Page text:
Quixote in Quechua

On this blistering Bloomsday, I thought I’d share the news that esteemed Peruvian scholar, Demetrio Tupac Yupanqui, has published the first Quechua translation of Cervante’s Don Quixote

Here at ALTA, we don’t get very many inquiries for translation services or language testing in Quechua. That’s not to say that the language of the Incas, which today is spoken by over 5 million Peruvians, Bolivians, and Ecuadorians, is not important. While Quechua may not be a top language of commerce, it is certainly an interesting, important, and resilient tongue.

Yupanqui’s translation of the seminal work of Spanish literature is the most recent attempt by proponents of Quechua to increase the social and political cache of Latin America’s most widely spoken indiginous language. A great way to broaden any language’s sphere of influence is to introduce great works of literature in translation, and thereby help to involve speakers in a broader cultural conversation.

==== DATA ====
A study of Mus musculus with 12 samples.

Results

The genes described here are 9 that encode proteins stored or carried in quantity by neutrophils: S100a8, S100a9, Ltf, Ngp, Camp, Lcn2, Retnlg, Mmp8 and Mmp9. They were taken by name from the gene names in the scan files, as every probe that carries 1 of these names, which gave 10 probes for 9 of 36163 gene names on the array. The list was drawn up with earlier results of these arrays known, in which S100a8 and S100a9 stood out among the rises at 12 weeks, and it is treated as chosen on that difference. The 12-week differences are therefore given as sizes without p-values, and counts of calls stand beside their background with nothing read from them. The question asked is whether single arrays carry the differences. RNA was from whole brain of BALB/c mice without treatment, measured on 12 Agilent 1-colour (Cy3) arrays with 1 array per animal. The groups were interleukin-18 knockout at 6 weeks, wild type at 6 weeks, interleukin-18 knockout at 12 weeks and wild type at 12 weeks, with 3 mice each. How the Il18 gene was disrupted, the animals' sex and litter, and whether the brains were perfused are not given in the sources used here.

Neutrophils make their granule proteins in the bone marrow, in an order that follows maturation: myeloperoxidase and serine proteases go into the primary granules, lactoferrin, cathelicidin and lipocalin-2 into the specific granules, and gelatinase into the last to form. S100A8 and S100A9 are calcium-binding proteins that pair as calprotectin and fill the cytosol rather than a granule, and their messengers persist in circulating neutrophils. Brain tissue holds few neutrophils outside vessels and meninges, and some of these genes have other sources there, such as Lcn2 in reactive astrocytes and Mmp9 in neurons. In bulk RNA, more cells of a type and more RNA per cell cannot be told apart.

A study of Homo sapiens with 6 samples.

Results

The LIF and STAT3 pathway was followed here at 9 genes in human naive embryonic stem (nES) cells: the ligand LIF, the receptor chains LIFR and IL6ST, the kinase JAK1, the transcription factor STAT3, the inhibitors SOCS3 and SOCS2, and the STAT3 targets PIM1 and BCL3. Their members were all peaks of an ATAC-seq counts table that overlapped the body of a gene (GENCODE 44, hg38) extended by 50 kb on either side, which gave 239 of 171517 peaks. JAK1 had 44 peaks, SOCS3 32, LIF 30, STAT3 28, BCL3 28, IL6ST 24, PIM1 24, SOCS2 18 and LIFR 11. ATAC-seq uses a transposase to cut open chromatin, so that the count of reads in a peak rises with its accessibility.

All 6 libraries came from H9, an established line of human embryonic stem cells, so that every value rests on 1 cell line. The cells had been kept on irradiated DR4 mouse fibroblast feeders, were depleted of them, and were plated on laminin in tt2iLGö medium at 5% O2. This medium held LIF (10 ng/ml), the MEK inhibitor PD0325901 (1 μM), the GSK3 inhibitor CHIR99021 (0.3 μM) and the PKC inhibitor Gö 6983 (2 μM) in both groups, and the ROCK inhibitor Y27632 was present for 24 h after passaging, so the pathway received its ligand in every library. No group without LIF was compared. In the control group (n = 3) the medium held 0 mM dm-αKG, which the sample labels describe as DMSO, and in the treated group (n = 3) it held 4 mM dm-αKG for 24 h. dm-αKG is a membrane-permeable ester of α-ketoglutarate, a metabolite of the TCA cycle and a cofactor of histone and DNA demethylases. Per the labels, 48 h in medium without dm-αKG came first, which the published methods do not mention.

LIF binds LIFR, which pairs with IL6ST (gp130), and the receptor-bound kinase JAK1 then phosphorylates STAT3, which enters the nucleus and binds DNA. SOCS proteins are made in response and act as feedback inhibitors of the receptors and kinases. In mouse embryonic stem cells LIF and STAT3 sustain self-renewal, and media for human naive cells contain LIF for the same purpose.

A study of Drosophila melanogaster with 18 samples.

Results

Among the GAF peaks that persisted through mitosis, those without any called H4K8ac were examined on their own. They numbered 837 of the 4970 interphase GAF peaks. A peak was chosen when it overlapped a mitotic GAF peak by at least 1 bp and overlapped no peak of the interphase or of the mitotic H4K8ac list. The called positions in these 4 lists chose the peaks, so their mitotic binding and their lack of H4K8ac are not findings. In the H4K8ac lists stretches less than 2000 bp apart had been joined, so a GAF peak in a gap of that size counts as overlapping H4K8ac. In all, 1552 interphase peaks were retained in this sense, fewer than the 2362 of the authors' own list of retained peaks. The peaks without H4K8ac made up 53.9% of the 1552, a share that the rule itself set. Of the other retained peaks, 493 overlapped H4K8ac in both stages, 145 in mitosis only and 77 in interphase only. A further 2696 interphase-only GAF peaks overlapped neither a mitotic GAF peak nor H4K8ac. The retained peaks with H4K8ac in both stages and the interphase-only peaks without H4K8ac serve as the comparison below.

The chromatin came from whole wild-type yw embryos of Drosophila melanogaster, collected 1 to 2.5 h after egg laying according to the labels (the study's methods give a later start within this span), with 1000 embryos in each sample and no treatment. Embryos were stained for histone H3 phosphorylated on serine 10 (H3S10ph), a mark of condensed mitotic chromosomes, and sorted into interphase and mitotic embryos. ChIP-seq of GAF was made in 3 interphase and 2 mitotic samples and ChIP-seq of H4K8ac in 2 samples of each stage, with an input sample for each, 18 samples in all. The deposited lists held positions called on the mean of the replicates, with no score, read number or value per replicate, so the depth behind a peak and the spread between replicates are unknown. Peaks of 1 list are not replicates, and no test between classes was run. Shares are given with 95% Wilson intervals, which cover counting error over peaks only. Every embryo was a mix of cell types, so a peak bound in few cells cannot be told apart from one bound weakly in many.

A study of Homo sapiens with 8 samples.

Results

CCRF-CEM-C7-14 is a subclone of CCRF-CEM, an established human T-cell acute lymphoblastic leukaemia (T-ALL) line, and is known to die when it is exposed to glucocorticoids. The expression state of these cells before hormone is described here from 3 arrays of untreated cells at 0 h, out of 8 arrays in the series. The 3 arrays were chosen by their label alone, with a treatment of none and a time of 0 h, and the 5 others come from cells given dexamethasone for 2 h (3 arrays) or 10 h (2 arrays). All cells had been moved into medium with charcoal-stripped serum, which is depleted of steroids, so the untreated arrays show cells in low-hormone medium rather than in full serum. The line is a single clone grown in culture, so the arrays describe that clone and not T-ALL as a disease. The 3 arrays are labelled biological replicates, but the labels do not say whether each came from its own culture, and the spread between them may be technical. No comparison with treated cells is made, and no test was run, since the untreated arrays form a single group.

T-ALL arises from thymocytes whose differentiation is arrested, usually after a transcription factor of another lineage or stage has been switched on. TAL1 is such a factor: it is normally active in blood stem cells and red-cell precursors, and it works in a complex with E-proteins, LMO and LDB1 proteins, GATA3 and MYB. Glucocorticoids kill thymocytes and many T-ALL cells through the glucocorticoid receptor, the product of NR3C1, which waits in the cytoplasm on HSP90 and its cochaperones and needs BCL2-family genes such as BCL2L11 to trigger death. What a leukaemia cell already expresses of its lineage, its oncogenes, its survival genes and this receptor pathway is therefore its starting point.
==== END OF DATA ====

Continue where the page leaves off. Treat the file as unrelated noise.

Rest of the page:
Huh k’iti, la Mancha llahta suyupin, mana yuyarina markapin, yaqa kay watakuna kama, huh axllasqa wiraqucha…

En un lugar de la Mancha, de cuyo nombre no quiero acordarme, no ha mucho tiempo que vivía un hidalgo…

Somewhere in La Mancha, in a place whose name I do not care to remember, a gentleman lived not long ago…

There are other indicators that Quechua may be making a comeback after centuries of decline. As reported in the NY Times article, both Microsoft and Google have recently made their services available in Quechua translations, and laws have been passed in Peru that prohibit discrimination based on language.

While I don’t speak Quechua, I’ll take Yupanqui’s word for it when he says, “If Latin is said to be the language of the angels, then Quechua is the language for expressing the subtleties of existence on Earth. That is why it is still alive.”